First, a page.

With its low wages, business-friendly investment laws and immense labor force, the People's Republic of China has become the world's workshop. Not only do US mega-retailers source most of their products from China, but small shops, wholesalers, online resellers and manufacturing concerns buy from Chinese factories, as well. Individuals interested in importing raw materials and consumer goods for their operations can draw on this resource by learning a few basic customs and procedures.
Attend a trade fair to meet directly with Chinese wholesalers and manufacturers. A China Sourcing Fair takes place annually in the United States, offering buyers a up-close look at goods, including electronics, household goods, tools, toys, clothing and shoes, currently on offer from Chinese factories. This fair requires only your business card, printed with a company name, for admittance. If you have the means and desire to travel, attend the China Import and Export fair in Guangzhou; it showcases an immense range of products from the entire spectrum of Chinese manufacturing. These fairs help you make contacts, discover trending businesses and facilitate your orders in bulk -- there are no retail-level transactions.
Check out direct-ordering websites for Chinese goods. CNDirect.com, hktdc.com and alibaba.com are three of the most well-known sites. The last provides the most comprehensive searchable listings (with more than 17 million from mainland China as of 2014), which include a photograph, a minimum order amount, a supply capacity, a unit price and contact information for the manufacturer. Many of these sites also facilitate credit arrangements and provide feedback and discussion forums for buyers.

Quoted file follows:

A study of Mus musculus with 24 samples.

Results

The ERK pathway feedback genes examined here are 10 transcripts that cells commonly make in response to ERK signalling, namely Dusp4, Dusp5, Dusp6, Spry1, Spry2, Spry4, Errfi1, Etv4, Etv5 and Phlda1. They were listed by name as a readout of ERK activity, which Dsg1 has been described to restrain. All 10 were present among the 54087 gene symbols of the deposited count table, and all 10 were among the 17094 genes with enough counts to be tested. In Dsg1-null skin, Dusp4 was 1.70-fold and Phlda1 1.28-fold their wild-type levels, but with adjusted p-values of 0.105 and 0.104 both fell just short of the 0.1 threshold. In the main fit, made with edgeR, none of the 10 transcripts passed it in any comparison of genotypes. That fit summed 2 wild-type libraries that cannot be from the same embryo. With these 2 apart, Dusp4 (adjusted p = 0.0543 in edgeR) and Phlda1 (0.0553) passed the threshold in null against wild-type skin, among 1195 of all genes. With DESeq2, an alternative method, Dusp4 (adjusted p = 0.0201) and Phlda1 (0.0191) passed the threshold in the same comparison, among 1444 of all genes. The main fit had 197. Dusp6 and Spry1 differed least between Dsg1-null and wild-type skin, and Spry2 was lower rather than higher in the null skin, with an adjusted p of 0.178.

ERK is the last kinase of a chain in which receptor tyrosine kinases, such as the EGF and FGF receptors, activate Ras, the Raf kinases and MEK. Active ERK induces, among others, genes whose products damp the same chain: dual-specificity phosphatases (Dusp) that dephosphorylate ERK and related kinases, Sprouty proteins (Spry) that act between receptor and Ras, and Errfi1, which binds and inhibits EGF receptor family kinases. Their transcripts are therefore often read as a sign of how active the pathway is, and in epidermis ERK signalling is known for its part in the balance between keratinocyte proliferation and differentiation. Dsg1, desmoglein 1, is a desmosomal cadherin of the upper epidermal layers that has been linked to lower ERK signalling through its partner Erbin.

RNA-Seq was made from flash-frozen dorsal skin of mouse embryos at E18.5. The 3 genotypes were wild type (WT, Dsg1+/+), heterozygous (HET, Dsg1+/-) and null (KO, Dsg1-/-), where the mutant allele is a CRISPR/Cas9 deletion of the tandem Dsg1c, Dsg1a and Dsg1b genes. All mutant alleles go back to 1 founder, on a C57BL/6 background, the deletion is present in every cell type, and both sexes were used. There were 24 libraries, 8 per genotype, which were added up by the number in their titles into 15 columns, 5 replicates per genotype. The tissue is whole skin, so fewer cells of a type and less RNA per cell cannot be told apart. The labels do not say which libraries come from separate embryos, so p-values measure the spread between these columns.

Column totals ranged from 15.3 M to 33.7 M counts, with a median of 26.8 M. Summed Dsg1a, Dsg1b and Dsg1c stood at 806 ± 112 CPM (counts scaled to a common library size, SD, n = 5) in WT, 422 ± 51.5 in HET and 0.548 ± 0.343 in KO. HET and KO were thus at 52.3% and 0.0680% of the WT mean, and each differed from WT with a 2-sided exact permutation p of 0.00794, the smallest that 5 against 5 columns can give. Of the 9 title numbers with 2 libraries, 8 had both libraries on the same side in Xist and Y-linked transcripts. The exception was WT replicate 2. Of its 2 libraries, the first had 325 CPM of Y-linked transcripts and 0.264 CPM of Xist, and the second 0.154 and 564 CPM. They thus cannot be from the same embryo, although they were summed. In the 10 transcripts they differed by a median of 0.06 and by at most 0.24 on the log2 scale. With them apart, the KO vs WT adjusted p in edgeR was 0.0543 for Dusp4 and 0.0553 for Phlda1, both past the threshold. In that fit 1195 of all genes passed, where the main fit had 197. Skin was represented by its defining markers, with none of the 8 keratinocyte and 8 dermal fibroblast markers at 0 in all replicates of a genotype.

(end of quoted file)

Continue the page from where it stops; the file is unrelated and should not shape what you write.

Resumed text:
Setting Up Accounts
Set up a bulk shipping account with an outfit such as FedEx, UPS or DHL that handles international freight. There's no cost to set up an account; shippers occasionally offer discounts for a limited time for new customers. Shippers provide invoices, forms and shipping materials free of charge; they also provide a customer service number you can use for guidance. Their websites list rates, transit times, and any special restrictions or procedures needed for shipment from China. For larger shipments, request quotes from a freight broker or a website that provides comparative rates for cargo shipping. Open an account with a freight broker and a customs broker, whose job is to clear your products across the border and ensure the customs paperwork is in order.
Contact and Due Diligence
Contact your sources with a letter or email of introduction that includes a request for specifications and pricing on products you've selected. Provide a physical address, phone number, fax number, and email address; a website is optional but as a practical matter essential if you're offering products or services for sale. You may need to send a message via the company's website to get a response; the chances also improve with an introduction from an established customer. During this phase, check the company's rating with the China Better Business Bureau, which investigates complaints and resolves disputes.
Samples and Ordering
Before ordering any new item from China, request a sample and a specifications sheet. Manufacturers are generally happy to comply, at little or no charge, if they believe you have the intention and the means to become a regular customer. Your goal is to verify the specs, size, appearance and quality of the item before you make a big financial commitment. The manufacturer responds with lead time for the shipment -- longer if they don't have it available in stock -- and any charges or discounts. Before paying for any product in bulk, request a proforma invoice, which shows the "ship to" address, the item description, quantity, price, manufacturing schedule if any, and tentative shipping date. Request shipping charges and information on insurance--if the manufacturer refuses to insure the shipment, you have to bear that cost.